I’m not on the roof.
I’m not ready to pack bags and walk out the door.
I’m making clam chowder- extra bacon, almost no potatoes- the way the boys like it. Not the way Jeanine likes it but she’s not going to be home. (Not going there today) I brewed a pot of coffee.
I know. Coffee in the afternoon is a big no no. When I post at 3AM, you’ll all understand. It smells so good, though. With the sky gray, promising snow, I couldn’t resist. Soup, hot coffee, warm bread. Does life get any better?
I have a lot to carry right now. I am. It’s not easy. My body aches a lot- I realize this is the physical manifestation of the work I am doing in therapy around the abuse. I have added Glucosamine to my drug of choice list, right after Advil.
Allan told me I need a weekly pillbox.
I am not that old, I said.
And a pill cutter.
I can bite the pill in half.
Pill cutter and pillbox. Christmas is coming!
Why don’t you get me some support hose while you’re at it?
He was not deterred in his excitement.
I guess I know what I’m getting for Christmas.
Ben was on cloud nine yesterday. He has been picked as a ‘student leader.’ This means he helps with the kindergarteners and first graders in their gym class. He was seriously proud.
Are you gonna help me? Jake asked. He is a first grader.
Ben shoved his brother aside. I don’t think so.
Ben is sweet with small children. That is, any small child but his little brother.
BEN YOU HAVE TO… Jake isn’t one to back down.
I don’t have your class. I’m sure. Anyway, I am a student leader…
I suggested Ben take his homework to his room, seeing that he is so much older now. Jake stood an inch outside his open door, carefully eyeing the threshold, keeping a hair’s width outside.
GET OUT GET OUT GET OUT OF MY ROOM!
I’m not in your room.
I made it to the bottom of the stairs in time to see the door slam on Jake’s nose.
MOM, BEN HIT ME!
No, honey, he didn’t. He slammed his door, which he shouldn’t…
You always listen to him! He howled, holding onto his barely touched nose.
No, Jake, I saw you…
Jake, why don’t you take your homework to your room, too?
The howling stopped immediately.
He ran downstairs to get his pencil and math worksheet. I ignored the reality there will be pencil drawings on the wall in his room. That’s why there is a gallon of Kilz in the basement, I reminded myself.
I opened Ben’s door. He turned, ready to shout but his face softened when he saw it was his mother, not his little brother.
When you want privacy? It’s probably good to close your door, okay? And not on Jake’s face.
Through the daily banter, the memories are always present. I sat yesterday afternoon and held a picture of my father. I know it’s from the camping trip. He looks out from the photo with a crooked, uneven moustache, haunted eyes and mouth half open. I am a little girl dressed in her brother’s hand me down sneakers and Baltimore Oriole baseball cap. My hair is stringy and unkempt. There is a forced smile on my face. I look scared. Uncomfortable in my body, my shoulders are pressed back.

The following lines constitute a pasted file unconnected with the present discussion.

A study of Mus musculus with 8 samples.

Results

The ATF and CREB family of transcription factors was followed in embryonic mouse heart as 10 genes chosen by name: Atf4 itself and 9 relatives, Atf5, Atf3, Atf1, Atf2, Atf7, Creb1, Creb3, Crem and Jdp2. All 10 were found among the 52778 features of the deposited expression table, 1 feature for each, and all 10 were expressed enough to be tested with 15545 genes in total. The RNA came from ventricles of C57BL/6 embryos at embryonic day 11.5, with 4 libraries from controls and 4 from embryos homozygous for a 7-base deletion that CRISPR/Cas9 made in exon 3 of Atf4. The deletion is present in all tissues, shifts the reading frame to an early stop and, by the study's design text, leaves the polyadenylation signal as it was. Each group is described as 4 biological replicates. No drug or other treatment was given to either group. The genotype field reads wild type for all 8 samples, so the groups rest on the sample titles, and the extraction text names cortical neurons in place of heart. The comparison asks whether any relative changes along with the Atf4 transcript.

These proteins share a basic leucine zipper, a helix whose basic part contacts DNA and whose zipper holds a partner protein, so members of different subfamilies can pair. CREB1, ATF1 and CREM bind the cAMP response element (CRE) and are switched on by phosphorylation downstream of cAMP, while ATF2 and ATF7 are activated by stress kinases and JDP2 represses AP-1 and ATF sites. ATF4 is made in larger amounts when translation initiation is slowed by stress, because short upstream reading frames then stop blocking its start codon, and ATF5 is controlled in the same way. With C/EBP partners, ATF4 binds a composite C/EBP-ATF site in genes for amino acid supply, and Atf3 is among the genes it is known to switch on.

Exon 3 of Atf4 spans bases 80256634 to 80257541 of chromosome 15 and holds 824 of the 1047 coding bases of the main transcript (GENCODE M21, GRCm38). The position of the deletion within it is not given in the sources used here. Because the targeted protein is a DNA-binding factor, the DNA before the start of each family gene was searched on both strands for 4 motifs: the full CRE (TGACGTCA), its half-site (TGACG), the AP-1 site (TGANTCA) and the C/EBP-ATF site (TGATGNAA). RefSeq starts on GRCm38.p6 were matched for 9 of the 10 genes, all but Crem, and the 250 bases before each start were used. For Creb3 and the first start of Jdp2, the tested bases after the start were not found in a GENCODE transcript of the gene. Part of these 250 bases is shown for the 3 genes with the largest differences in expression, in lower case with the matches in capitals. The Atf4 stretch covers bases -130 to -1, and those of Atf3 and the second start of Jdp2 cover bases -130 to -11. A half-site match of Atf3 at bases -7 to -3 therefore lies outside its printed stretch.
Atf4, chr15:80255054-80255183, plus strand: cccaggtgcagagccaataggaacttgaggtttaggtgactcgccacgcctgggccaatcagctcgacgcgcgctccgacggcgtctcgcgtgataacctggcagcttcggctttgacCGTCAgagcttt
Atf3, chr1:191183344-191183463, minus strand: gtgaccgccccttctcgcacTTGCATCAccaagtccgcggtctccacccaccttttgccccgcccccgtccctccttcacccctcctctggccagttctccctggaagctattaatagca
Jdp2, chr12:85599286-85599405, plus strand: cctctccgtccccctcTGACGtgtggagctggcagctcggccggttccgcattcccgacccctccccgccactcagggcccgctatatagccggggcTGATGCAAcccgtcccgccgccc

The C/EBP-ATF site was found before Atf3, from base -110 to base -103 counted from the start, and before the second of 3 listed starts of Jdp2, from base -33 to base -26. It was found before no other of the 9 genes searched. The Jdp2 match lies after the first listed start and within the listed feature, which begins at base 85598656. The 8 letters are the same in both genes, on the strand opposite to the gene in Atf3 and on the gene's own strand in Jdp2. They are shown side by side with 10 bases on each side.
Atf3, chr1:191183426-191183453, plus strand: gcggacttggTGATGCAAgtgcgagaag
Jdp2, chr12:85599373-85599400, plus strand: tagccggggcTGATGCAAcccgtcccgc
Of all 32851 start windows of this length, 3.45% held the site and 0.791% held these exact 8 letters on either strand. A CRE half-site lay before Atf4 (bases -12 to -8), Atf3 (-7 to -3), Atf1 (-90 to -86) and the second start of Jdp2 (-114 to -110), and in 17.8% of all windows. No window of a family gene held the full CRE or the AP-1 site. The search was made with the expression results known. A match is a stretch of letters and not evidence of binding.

Good posture was very important to my mother.
All of this swirls around me, every day, all day. It is not a simple weave but an enormous tapestry with different scenes stretched out- some finished, some waiting for more detail, some yet to be lived. I am happy in the moment of hearing Ben’s announcement. Slightly annoyed with the fight between the boys but pleased with my quick redirection of Jake.
And. And I know I have to go back into the tent with my father. I have to remember to let go. It is not one or the other. There are many things that must occur together. I am a mom. A wife. A sister. A friend. A little girl.
My life is full. There is much to be joyful about every day. I am not sad. I do not feel sorry for myself. I know what I have to do. The little girl in the picture has been running for a very long time.
I’ll go bring in wood for tonight. The boys and I will read after dinner in front of a warm fire. I have to remember to press the fire screen tight against the wall lest the cat crawls into the fireplace again.
She’s hell bent on catching a flame.
It’s bearable. I can sit. I can see it. I know what happened- maybe not all of it yet but I know. I can feel it. It’s okay. It’s not happening now. I have to catch a very quick little girl in a size too big baseball cap. Make her hear me. Get her to stop. Because I know I can now.
And there is laundry the boys have to put away. Walter called earlier, reminding me to look for the Celtics tickets. The soup needs to be turned down to a slow simmer. It’s time to go pick up the boys. Drop the mortgage payment in the mailbox on the way.
I’m not on the roof.
I’m not walking out the door.
Soup, coffee and warm bread. In this moment? Life doesn’t get any better.